A recent report commissioned by the Department for Science, Innovation and Technology (DSIT) has unveiled concerning findings about the state of cybersecurity skills in the UK labour market.

The research indicates that the cybersecurity skills gap remains stagnant, posing significant challenges to businesses and organisations across the nation. Despite an increase in demand for cybersecurity professionals, the lack of skilled individuals continues to be a persistent issue.

The report highlights that a substantial number of UK businesses are grappling with technical skills gaps, incident response skills gaps, and governance skills gaps in their cybersecurity workforce.

Approximately 50 per cent of businesses suffer from basic skills gaps, where cyber professionals lack confidence in performing fundamental tasks outlined in the government-endorsed Cyber Essentials scheme. The lack of support from external cybersecurity providers further exacerbates the situation.

Moreover, 33 per cent of businesses face more advanced skills gaps, particularly in areas such as forensic analysis of breaches, security architecture, interpreting malicious code, and penetration testing. A concerning 41 per cent of businesses experience internal skills gaps in incident response and recovery, indicating a lack of cyber resources within their organisations.

Interestingly, the report reveals that the figures for basic and advanced technical skills gaps have remained relatively unchanged over the past five years. However, the proportion of businesses struggling with incident management skills is on the rise, increasing from 27 per cent in 2020 to 41 per cent in the current year.

A recurring issue identified in the research is the struggle some cybersecurity leads face in engaging senior leadership with cybersecurity matters. While some senior leaders acknowledge the importance of cybersecurity, it is not always prioritised adequately. Additionally, a lack of resources often hinders effective cybersecurity implementation, causing cybersecurity leads to feeling pressurised and stretched thin as they juggle various roles within their organisations.

The report further delves into the challenges faced by the cyber sector itself. Approximately 49 per cent of cyber firms have encountered technical cybersecurity skills gaps, either among their existing staff or among job applicants.

Additionally, 22 per cent of cyber sector employers report having employees who lack essential technical skills, while 44 per cent state that job applicants they have seen are also lacking necessary technical competencies. The most common areas cited for technical skills gaps are security testing, cyber security governance and risk management, and secure system architecture and design.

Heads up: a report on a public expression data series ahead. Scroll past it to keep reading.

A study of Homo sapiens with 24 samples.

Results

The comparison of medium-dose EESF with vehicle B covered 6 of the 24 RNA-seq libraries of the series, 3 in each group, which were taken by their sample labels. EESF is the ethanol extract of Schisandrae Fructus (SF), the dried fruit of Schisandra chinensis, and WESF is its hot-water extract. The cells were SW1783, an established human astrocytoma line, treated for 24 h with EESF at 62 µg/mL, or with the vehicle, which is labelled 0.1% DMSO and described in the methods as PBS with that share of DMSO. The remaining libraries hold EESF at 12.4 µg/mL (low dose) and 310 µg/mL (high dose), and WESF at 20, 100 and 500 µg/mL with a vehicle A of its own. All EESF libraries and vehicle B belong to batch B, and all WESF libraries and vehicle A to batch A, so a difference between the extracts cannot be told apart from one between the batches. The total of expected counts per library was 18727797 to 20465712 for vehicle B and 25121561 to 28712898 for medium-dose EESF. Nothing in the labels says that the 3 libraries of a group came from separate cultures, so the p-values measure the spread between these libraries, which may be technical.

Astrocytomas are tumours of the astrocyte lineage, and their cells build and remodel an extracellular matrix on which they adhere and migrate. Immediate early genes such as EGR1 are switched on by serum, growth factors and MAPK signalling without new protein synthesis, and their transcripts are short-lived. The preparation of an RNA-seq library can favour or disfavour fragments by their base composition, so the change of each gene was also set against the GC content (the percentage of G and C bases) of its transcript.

Despite the skills gaps, the demand for cybersecurity professionals continues to rise. In 2022, there were 160,035 job postings related to cybersecurity, with an average of 5,921 core cyber roles posted each month. While the demand showed signs of a slight slowdown in the second half of 2022, it remains historically high.

However, the employment rate in the cyber workforce has increased by 10 per cent in the last year, indicating a need for 13,500 new professionals annually to meet demand. The report suggests that the total requirement to fulfil the workforce gap is approximately 18,200 individuals per year. Although this is lower than previous estimates, the persistent gap remains an annual challenge for the sector.

The report highlights the importance of diversity within the cybersecurity workforce. While the data indicates some progress in terms of representation, the figures reveal that more women and ethnic minorities need to be encouraged to enter the industry. Only 17 per cent of the workforce is female, with women accounting for 14 per cent of those in senior roles. Additionally, 22 per cent of the cyber workforce is from ethnic minority backgrounds, while 14 per cent of those in senior roles belong to ethnic minorities.

Initiatives like the UK Cyber Security Council's Careers Route Map aim to support individuals with transferable skills in transitioning to cyber roles. However, employers report difficulties recruiting staff from diverse groups due to limited candidate pools and concerns about the associated costs.

Concluding the report, the UK government's cybersecurity skills gap report for 2023 indicated a pressing need for targeted efforts to bridge the gaps and meet the increasing demand for cybersecurity professionals. As cyber threats continue to evolve, addressing these challenges is vital to ensuring the nation's cyber resilience. Improving diversity and widening the talent pool are crucial components of this effort.